The Senate has confirmed Joe Biden’s nomination for the chief administrator of the Environmental Protection Agency (EPA), Michael Regan, on Wednesday. In the agency’s 50 years of existence, this confirmation makes Regan the first Black man and 16th administrator to lead the agency.
The EPA’s first Black administrator was Lisa Jackson, per Washington Post, and she held the role for four years during President Barack Obama’s term in office.
Regan has 20 years of experience working in the environmental protection sector in different capacities, which makes the landslide confirmation by the Senate no surprise — 66 to 34 — with all the Democrats and 16 Republicans voting in his favor.
President Biden has been extremely vocal about making America and the world more eco-friendly by cutting the country’s gas emissions and helping minority and poor communities severely affected by pollution.
The 44-year-old new Chief of EPA, therefore, has a herculean task starting with undoing unfavorable and lax policies implemented by the Trump administration. He pledges to do just that by focusing on “environmental policy impact on poor and minority communities,” the New York Times reports.
In the first three years of Trump’s presidency, reports said about 700 scientists left the EPA and only half of those vacancies were filled. Regan told Rolling Stone how he plans to restore the EPA. “We have world-renowned experts at EPA,” he said. “We should be listening to them, and we will.”
“I will be laser-focused on how we limit methane emissions,” he said, adding that environmental justice and water quality will be on his list of priorities.
The Goldsboro, North Carolina native developed a love for the environment at a tender age while hunting and fishing with his father and grandfather in the Coastal Plain of North Carolina.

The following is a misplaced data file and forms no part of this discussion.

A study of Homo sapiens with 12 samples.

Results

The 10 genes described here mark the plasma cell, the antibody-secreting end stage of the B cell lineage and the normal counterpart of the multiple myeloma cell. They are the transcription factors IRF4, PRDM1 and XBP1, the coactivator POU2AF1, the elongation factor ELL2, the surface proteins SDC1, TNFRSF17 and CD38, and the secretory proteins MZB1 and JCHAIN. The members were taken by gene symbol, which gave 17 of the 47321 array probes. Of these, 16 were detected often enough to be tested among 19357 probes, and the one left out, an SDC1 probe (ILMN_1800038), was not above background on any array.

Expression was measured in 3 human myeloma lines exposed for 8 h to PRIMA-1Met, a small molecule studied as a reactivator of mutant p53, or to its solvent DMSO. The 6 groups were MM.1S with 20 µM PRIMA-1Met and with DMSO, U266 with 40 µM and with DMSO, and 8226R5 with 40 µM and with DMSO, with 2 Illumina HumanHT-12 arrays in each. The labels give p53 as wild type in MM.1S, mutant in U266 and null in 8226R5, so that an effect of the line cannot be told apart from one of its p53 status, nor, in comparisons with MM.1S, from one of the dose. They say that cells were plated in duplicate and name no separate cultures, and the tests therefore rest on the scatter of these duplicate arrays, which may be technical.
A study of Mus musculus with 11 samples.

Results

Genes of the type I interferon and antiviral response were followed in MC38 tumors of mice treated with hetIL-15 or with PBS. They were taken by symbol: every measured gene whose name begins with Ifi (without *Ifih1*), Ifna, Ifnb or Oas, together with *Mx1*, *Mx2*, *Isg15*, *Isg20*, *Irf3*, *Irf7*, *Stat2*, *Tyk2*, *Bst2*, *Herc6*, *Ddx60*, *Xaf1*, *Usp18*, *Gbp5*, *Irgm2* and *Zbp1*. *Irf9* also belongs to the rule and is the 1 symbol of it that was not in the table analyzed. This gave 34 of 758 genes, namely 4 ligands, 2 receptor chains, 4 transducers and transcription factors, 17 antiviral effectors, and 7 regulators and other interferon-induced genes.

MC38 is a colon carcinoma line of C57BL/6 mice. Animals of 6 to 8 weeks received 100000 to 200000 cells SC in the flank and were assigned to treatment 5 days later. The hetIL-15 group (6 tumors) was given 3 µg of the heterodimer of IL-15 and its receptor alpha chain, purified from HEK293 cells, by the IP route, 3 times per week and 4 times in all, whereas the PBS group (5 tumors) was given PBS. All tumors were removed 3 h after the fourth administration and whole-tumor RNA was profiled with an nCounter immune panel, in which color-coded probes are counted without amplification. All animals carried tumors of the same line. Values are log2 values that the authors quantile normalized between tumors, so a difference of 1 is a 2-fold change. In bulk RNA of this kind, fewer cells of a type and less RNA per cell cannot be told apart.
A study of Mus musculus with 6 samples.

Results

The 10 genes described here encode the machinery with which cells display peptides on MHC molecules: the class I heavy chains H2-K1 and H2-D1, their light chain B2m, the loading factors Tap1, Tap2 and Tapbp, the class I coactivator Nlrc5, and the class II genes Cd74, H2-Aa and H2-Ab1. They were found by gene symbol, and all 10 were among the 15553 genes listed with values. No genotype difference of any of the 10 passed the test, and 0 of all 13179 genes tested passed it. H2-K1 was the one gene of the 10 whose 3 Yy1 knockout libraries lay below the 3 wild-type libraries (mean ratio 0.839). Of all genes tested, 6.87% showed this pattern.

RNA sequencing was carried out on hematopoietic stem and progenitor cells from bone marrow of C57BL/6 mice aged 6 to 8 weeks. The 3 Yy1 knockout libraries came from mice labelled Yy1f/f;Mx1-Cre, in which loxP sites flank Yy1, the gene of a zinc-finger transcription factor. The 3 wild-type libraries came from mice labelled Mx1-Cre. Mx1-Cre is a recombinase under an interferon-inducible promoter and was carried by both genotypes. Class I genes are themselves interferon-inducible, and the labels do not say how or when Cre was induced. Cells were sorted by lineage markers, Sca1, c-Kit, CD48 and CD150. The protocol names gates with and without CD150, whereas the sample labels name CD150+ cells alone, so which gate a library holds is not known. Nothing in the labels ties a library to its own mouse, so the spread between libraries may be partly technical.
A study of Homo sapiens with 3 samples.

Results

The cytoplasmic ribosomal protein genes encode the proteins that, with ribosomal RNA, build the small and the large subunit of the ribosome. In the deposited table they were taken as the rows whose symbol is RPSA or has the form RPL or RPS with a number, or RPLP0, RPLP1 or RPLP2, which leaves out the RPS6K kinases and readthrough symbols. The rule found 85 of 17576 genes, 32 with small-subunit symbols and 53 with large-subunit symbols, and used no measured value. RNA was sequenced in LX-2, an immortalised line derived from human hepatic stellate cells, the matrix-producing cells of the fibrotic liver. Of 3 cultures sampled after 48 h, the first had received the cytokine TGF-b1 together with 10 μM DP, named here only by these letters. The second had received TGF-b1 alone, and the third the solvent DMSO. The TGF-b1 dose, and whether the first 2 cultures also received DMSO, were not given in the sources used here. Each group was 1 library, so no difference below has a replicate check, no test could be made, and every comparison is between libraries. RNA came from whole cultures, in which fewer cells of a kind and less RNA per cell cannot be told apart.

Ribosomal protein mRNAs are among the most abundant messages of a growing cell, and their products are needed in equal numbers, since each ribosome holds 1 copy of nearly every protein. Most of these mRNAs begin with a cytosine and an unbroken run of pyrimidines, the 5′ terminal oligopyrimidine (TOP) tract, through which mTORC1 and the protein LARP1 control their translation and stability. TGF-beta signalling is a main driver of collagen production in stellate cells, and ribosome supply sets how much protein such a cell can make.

He is the first EPA Administrator to graduate from a Historically Black College and University, North Carolina Agricultural & Technical State University, and has a master’s degree in Public Administration from The George Washington University, per the agency’s site.
Regan began his career at the EPA working under the administrations of both Bill Clinton and George W. Bush for more than a decade and returns to head the agency in a full-circle moment. He served as the national program manager responsible for designing strategic solutions with industry and corporate stakeholders to reduce air pollution, improve energy efficiency and address climate change.
In 2017, he became the southeast regional director for the Environmental Defense Fund for North Carolina. His focus was on lessening the impacts of climate change on the region and improving air quality in polluted communities.
The family man stood out during his term of office especially in a politically divided country and was praised for being fair to all parties.
Earlier this year, Regan led the North Carolina agency to undertake the biggest coal ash clean-up in the country after a settlement with Duke Energy. Duke Energy had been dumping highly toxic waste which is a by-product of coal in the open air near residential neighborhoods and now they are tasked to collect more than 80 million tons of coal ash and dispose of them properly and safely, so they do not seep into groundwater.
“We’re excited to watch him do for the EPA what he did for North Carolina: put people and policy over politics, and work with scientists, stakeholders, lawmakers of both parties, and above all, the most impacted communities, to protect all Americans from polluters and climate change,” Dan Crawford, director of governmental relations at the North Carolina League of Conservation Voters, said in a statement Wednesday.
According to NRDC.org, the future of the EPA is in good hands and Regan will serve the people having in mind that everyone in the country “has the right to clean air, clean water, and a healthier life—no matter how much money they have in their pockets, the color of their skin, or the community they live in.”